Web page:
A Win and A Learning Experience for Severino

TRENTON, N.J. – Yankees top prospect Luis Severino did record his first win of 2015 Sunday afternoon before 4,737 at Arm & Hammer Park.

The 5-1 Double-A Trenton Thunder triumph over the Portland Sea Dogs (Boston Red Sox) was assured when Eric Jagielo’s booming triple to the right-field corner with the bases loaded ignited a five-run third inning. The spotlight then turned to right-hander Severino.

The native of  Sabana de la Mar, D.R., threw five innings, allowed three hits, four walks, one earned run and struck out six. This effort was not as smooth as his first start last Wednesday in Akron. He threw 80 pitches, of which 50 were strikes.

“Luis was not as sharp as he was in his start at Akron.” said Thunder manager Al Pedrique. “We have him working on his slider, and his command of that was not as good as the first time.

“But he did pitch five innings, and it was a learning experience.”

Trenton pitching coach Jose Rosado agreed.

“This is the kind of start in which Luis struggled a bit, but it will make him better,” Rosado said. “We are pleased he managed to get through five innings and get the win. His slider is the key here, what we want him to improve.”

Severino’s fastball, which touched 96, was sharp, as was his looping change that can freeze hitters. Those he threw with command and control. The slider he threw with confidence, but it was not consistent.

For instance, he utilized the slider for first-pitch strikes to four Portland hitters over the first three innings. He then mixed that with his fastball and change, and picked up four of his strikeouts. He did not control it as well in the fifth inning, when he allowed his first earned run this season after nine scoreless innings.

“I know that I need to work on that pitch (the slider) and I will continue to,” said Severino.  “It is an important part of development for me.”

Innings and pitch count are not an issue for Severino, Both will increase as the season goes on. His easy delivery, given the power resulting from it, is quite an asset. So is his ability to stay calm in tough situations and display additional focus.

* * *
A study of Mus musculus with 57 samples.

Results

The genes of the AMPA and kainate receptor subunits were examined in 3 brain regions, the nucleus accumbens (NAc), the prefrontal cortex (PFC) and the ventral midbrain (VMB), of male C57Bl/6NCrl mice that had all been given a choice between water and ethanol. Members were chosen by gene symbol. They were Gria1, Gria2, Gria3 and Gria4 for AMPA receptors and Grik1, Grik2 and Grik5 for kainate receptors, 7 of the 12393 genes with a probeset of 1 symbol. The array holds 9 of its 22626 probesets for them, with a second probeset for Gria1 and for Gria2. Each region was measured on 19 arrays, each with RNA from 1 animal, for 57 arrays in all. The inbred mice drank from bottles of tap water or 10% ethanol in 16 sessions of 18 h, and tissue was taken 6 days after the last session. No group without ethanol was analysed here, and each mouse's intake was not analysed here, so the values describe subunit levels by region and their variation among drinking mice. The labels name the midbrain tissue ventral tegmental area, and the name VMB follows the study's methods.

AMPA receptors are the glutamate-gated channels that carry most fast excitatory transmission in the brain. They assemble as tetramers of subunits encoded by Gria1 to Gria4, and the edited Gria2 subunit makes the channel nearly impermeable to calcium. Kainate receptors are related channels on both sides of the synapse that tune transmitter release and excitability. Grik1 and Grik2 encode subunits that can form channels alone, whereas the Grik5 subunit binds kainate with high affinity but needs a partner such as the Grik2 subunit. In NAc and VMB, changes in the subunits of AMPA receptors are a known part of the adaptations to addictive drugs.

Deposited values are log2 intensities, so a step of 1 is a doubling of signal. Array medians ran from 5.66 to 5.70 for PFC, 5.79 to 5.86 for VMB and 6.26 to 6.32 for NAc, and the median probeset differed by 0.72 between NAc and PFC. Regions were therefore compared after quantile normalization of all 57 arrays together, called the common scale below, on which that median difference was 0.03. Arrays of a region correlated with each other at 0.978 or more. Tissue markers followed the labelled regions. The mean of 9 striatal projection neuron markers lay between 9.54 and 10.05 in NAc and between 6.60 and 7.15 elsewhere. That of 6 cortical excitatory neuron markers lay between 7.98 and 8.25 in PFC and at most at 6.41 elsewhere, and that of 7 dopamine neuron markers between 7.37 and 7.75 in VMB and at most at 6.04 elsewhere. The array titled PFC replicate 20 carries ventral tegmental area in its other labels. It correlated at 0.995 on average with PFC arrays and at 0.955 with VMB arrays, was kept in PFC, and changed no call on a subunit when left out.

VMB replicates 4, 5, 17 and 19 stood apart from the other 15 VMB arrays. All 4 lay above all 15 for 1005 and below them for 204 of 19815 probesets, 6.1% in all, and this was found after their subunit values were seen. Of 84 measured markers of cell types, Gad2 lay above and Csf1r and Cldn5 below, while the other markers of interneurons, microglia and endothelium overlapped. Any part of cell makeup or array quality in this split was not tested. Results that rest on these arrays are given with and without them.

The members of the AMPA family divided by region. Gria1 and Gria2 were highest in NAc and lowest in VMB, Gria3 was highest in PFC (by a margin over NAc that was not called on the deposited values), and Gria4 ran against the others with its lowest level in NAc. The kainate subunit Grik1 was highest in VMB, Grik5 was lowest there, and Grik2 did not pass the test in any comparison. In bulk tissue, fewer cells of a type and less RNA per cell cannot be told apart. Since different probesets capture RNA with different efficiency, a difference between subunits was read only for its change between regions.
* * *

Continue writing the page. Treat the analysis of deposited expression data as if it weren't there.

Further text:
In the top of the fifth, his facial expression changed when he had to step up and not allow the Sea Dogs to put a crooked number on the board as his designated pitch count for the start – 75 – neared.

“The way Luis knows what he has to do in those situations is a major plus in his makeup,” said Rosado. “We wanted him to get through that inning, and we had some leeway with a few more pitches and hitters.

“He got through this start without his best stuff, which is what he is going to have to do time and time again as his career advances. This is not to say his start at Akron was easy, and your best stuff isn’t there 100 percent of the time.”

Severino certainly grasped that, and had a postgame smile on his face after his talk with Rosado and reporters.

“I’m learning from all of this,” he said.

Many have asked how long Severino will stay with the Thunder. That is open-ended, It depends on how his overall effectiveness – command and control are crucial – of his slider advances. He can’t rely on repeating his change. He did that with Jantzen Witte, Portland’s top hitter. Witte, who is batting ,364 in the early Eastern League going, took a change for a called strike in the third inning, but rifled the second consecutive such offering foul, just missing it.

“We talked about that pitch, and why the slider is so important in that situation,” said Rosado.

Severino will be a mainstay of the Yankees rotation in the future. He has both the talent and character to be a front-line major-league starter. As Sunday’s effort proved, he is still in the development phase.

That will continue with his next start in five days, likely next Friday at Portland.




Written By

Have covered the Yankees and their system for over 20 years. I enjoy writing about future Yankees and where a prospect stands in the system. One rule: I only analyze and comment on prospects I have seen play and have talked to.